It began with a Facebook post: “Does anybody have any leftover white latex paint?”
I did, of course. When we were building the house we tried what seemed like hundreds of different whites before settling on Chantilly Lace. For the last two years their sample-sized pots have been lined up like soldiers awaiting deployment. I couldn’t throw them out — surely they’d come in handy one day, I thought.
“One day” was today.
The Facebook post was from the woman who runs the stewardship group at our local community orchard. Throughout the year a group of volunteers takes care of the fruit trees — feeding, mulching, watering, and doing anything else they can to ensure a successful harvest. The white paint would be diluted and painted onto the trees’ trunks to protect them from insects, animals, and the sun. I immediately offered them my paint and then volunteered my children (and myself) to do the painting.
K has had a lot of difficult, unproductive days in the last week. It’s not that she’s unmotivated; on the contrary, the fact that she can’t get herself to sit down and do her work is very upsetting to her. I’m not sure what’s wrong or how to fix it in the short term. In the long term, I think some executive function coaching might be in order.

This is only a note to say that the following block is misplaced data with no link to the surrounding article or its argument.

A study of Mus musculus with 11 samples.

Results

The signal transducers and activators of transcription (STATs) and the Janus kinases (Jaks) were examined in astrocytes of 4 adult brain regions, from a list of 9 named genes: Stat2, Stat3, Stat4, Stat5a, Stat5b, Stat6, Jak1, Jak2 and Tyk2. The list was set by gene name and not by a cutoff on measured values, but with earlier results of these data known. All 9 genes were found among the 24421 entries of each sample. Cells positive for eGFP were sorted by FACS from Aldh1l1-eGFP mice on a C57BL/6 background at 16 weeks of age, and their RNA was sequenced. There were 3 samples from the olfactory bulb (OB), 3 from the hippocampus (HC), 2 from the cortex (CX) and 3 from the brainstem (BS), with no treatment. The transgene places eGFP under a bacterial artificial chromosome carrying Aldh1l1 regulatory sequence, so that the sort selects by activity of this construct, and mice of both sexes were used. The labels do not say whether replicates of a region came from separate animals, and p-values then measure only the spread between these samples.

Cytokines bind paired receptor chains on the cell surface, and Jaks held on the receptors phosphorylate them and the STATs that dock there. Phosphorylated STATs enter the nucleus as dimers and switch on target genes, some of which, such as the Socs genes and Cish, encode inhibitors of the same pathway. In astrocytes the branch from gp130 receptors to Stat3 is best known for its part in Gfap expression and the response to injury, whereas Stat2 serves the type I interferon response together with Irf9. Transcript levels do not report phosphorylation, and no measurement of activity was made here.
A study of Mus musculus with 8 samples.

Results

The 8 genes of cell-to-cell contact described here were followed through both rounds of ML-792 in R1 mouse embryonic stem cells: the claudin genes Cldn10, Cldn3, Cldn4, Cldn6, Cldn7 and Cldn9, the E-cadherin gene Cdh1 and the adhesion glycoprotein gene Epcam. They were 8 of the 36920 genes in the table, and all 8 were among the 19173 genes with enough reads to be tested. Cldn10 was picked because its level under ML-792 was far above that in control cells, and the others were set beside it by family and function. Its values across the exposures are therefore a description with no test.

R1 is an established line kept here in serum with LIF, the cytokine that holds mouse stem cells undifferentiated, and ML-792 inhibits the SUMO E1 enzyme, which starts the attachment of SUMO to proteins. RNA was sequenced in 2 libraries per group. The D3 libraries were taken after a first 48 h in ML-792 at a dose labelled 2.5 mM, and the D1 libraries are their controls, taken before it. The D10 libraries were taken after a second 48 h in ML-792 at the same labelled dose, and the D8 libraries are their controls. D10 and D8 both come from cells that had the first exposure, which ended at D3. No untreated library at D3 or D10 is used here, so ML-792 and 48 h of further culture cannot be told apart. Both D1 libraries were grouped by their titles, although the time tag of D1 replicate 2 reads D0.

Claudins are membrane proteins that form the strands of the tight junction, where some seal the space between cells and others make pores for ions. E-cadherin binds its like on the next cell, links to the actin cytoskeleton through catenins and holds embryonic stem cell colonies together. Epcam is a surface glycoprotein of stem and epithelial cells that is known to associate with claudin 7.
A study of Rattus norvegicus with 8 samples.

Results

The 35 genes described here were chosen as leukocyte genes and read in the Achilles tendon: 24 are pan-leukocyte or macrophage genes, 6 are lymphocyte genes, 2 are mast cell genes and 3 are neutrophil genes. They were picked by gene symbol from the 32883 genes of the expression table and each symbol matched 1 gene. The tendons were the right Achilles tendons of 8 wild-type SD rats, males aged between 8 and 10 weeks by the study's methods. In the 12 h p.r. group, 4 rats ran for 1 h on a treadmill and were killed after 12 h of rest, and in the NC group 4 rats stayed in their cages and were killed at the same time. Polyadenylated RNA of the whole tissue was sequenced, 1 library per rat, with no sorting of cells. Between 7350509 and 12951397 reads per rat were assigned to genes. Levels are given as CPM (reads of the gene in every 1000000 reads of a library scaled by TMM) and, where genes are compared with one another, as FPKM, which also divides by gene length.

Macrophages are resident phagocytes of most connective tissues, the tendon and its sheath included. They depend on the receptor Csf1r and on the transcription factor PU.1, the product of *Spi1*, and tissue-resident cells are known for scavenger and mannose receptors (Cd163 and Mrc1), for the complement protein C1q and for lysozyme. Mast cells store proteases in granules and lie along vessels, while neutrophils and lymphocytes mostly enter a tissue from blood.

This morning, though, K was at her best. She mowed the lawn before breakfast. When we arrived at the orchard she sprang into action, first mixing the paint with water, then moving from one fruit tree to the next to coat their trunks with white paint. She worked without a break for an hour and a half. In that time I heard no complaints or yelling. She asked questions about what we were doing and why, and really listened to the answers. In short, she was a model volunteer.
R and E painted a tree each, and then a pet tortoise arrived at the park with its owner (a friend of the stewardship coordinator) in tow. I didn’t get much more work out of them after that, but they spent an hour learning about tortoises.
Our time in the orchard reinforced so many of my beliefs about homeschooling. The biggest one is that school focuses on such a narrow band of disciplines and skills that K doesn’t get to exercise her strengths very often. This morning she had to observe the trees closely (to see if there was any seeping sap or other indicators of disease); communicate problems and questions; listen attentively; and do a thorough job of the task she was assigned. Moreover, the work she was doing had a clear purpose and utility, and it was appreciated by other people.
It’s amazing, isn’t it? Purposeful, real work with others in the community can turn a frustrated, sometimes combative kid into a cooperative and industrious one. School doesn’t allow enough time for that sort of thing (heck, they don’t even trust the kids to retrieve their own coats.) Homeschooling, on the other hand, is chock full of opportunities for children to discover their strengths and use them to become valued members of the community.